Q: Did the “Naked Gun” movies come before or after the TV series “Police Squad!”? — Ryan Price, Providence, R.I.
A: After. Though the success of the 1980 movie “Airplane!” earned the comedy-filmmaking team of David Zucker, Jim Abrahams and Jerry Zucker a series order from ABC by putting a cop-show spin on the same sort of satire with “Police Squad!” — for which they brought along “Airplane!” co-star Leslie Nielsen — the show lasted for only a handful of episodes, despite having a cult following that since has led to its release on DVD and Blu-ray.
ZAZ (as those moviemakers collectively were known) were undaunted and gave the idea another shot by transferring it into “The Naked Gun: From the Files of Police Squad!” in 1988, and keeping Nielsen on board as rather clueless detective Frank Drebin. The picture was a sizable hit, leading to two sequels, and also setting Nielsen up for a second career as a humorous leading man when most of his projects before those had cast him in a serious vein.
Q: I heard that a number of shows made in Canada had to shut down, after they had started production again, because of the pandemic. Does that mean the series finale of “Supernatural” will be delayed again? — Rob Conway, via e-mail
A: Not as long as all of the post-production work (editing scoring, etc.) can be completed remotely, since stars Jensen Ackles and Jared Padalecki had completed filming on the long-running CW show by the time other series were impacted by a delay in the processing of a huge number of COVID tests. As of this writing, the last episode remains scheduled for Nov. 19, with a retrospective special also airing that night.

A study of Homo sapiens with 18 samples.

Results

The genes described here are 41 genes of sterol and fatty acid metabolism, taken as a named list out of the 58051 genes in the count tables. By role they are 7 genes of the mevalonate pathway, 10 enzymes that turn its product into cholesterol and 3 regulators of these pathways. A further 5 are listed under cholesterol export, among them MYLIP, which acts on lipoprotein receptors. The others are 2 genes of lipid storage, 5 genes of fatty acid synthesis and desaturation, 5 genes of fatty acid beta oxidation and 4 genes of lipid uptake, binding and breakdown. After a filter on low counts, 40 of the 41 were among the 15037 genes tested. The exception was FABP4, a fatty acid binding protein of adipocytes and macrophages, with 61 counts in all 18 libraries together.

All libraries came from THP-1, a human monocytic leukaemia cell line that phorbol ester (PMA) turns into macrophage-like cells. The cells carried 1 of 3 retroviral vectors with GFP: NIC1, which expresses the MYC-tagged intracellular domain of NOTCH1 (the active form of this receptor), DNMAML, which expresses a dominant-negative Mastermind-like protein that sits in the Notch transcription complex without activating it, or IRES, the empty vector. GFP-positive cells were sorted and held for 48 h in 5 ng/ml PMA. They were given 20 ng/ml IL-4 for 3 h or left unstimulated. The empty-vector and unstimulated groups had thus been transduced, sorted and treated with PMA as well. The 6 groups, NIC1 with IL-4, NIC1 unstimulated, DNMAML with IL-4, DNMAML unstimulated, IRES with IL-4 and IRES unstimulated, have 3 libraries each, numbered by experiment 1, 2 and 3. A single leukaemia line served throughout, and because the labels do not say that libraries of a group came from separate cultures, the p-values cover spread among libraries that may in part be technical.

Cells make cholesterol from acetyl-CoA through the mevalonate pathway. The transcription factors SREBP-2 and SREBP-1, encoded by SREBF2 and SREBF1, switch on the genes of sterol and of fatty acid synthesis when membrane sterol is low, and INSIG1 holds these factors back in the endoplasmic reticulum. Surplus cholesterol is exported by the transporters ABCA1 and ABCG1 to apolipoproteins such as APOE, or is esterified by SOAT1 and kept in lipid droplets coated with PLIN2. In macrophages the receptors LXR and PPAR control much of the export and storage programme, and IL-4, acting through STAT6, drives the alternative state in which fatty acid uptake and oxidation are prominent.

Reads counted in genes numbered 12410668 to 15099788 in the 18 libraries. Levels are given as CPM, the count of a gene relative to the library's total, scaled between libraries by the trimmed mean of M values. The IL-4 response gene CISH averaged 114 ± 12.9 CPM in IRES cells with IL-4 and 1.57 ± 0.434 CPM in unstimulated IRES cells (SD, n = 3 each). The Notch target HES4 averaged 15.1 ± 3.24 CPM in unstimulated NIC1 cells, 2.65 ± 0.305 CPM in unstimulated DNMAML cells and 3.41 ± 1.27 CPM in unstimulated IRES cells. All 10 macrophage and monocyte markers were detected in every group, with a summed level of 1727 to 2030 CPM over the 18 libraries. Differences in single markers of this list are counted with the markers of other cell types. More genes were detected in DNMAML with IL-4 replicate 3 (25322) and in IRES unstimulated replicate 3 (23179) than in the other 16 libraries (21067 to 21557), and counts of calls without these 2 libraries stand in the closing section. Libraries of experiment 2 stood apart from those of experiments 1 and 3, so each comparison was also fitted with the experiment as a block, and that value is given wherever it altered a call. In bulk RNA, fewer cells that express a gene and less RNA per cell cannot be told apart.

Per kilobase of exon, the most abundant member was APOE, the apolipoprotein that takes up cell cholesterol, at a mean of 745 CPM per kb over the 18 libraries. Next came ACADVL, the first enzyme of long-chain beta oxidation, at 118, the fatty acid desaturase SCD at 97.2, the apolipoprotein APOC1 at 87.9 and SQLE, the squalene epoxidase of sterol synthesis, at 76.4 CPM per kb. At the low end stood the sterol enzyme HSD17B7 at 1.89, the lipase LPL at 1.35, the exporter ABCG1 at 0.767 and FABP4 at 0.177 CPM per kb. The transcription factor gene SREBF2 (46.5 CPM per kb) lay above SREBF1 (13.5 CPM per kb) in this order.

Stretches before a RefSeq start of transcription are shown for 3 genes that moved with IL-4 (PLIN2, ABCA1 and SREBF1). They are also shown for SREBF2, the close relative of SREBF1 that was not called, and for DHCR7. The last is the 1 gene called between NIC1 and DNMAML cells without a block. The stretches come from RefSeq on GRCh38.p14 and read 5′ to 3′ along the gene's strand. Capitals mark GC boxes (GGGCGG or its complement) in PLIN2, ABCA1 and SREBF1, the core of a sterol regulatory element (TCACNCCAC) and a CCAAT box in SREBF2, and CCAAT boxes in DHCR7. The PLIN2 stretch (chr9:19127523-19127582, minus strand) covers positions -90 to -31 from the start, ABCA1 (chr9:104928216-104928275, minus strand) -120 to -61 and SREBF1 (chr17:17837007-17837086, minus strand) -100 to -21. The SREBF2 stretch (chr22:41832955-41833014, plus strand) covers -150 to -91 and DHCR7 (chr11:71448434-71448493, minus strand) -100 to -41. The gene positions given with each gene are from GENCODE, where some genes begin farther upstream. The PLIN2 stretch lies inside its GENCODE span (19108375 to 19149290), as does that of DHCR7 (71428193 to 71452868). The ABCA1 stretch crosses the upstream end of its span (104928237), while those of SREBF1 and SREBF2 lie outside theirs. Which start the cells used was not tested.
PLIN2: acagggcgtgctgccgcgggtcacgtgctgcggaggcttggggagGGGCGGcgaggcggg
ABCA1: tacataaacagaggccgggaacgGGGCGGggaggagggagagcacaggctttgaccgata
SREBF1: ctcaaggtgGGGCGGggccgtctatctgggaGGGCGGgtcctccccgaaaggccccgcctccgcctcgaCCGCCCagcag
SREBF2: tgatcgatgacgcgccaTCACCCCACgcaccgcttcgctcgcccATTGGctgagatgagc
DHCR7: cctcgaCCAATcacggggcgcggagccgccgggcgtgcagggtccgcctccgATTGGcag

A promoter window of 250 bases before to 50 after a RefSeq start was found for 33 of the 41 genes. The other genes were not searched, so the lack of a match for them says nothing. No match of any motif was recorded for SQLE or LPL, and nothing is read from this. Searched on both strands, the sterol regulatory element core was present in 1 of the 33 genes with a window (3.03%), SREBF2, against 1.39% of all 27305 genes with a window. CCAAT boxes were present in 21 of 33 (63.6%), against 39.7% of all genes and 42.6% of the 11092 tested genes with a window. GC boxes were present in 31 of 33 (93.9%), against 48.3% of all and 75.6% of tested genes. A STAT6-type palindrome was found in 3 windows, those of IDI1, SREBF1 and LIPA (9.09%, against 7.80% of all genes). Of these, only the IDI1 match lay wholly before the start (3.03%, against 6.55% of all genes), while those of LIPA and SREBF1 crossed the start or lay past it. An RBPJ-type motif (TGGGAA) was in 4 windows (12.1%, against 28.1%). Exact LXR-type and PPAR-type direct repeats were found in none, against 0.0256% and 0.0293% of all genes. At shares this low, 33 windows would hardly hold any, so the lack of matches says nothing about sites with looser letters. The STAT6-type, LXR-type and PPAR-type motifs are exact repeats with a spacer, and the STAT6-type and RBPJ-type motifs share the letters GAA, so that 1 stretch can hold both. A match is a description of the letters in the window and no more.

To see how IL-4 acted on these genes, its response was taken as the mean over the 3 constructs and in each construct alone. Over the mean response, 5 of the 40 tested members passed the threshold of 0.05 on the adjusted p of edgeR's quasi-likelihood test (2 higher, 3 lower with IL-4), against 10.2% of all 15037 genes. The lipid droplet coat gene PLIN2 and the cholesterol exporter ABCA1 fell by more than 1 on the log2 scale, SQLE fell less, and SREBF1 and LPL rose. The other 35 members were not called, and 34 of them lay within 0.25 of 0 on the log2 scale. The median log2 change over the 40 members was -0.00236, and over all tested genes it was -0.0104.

Q: The reference David Letterman made to Shelley Long on the recent Primetime Emmy Awards seemed to come out of left field. What was that about? — Jennifer Duke, via e-mail
A: Standing on the side of a country road as a tuxedo-clad Emmy presenter, Letterman decided to give another workout to some jokes he told as an Emmy host in 1986. Then a major television star in “Cheers,” Long also hosted that ceremony, so that’s where the reference came from. It was quite a contrast of styles — noted by many reviewers at the time — since Long was very much a part of the industry “establishment,” a group Letterman famously reveled in mocking (and continued to, long after that ceremony was over). Both of them also were nominees that night, and Letterman came away with an award as part of the writing team for his late-night show, which then was on NBC.
Q: I liked the work of ABC reporter Tara Palmeri, but I haven’t seen her in some time. Is she still with the network? — Gene Whitman, Norman, Okla.
A: She isn’t. Very visible as a White House correspondent for ABC News after stints at CNN and Politico, she left her latest television-network job to be on the team (also including frequent Will Ferrell collaborator Adam McKay) that started the podcast “Broken: Seeking Justice,” about the Jeffrey Epstein case and many of the people who were impacted directly by it. Palmeri also is working on other projects in the podcast space.
Q: Is it true that William Shatner and Leonard Nimoy worked together before “Star Trek”? — Jim Hayes, Bexley, Ohio
A: It is. Both did a lot of TV guest-star work earlier in the 1960s, and for each of them, one of those gigs was a first-season episode of “The Man From U.N.C.L.E.” titled “The Project Strigas Affair.” Shatner’s character was on the side of the good guys while Nimoy’s wasn’t.
That might have remained the only time they worked together, had the Jeffrey Hunter-played character Christopher Pike in the original “Star Trek” pilot not been converted into Shatner’s James Kirk for that series. Nimoy had the role of Spock throughout the whole project, and in addition to the movie sequels that followed, he reunited with Shatner in an episode of the latter’s police show “T.J. Hooker.”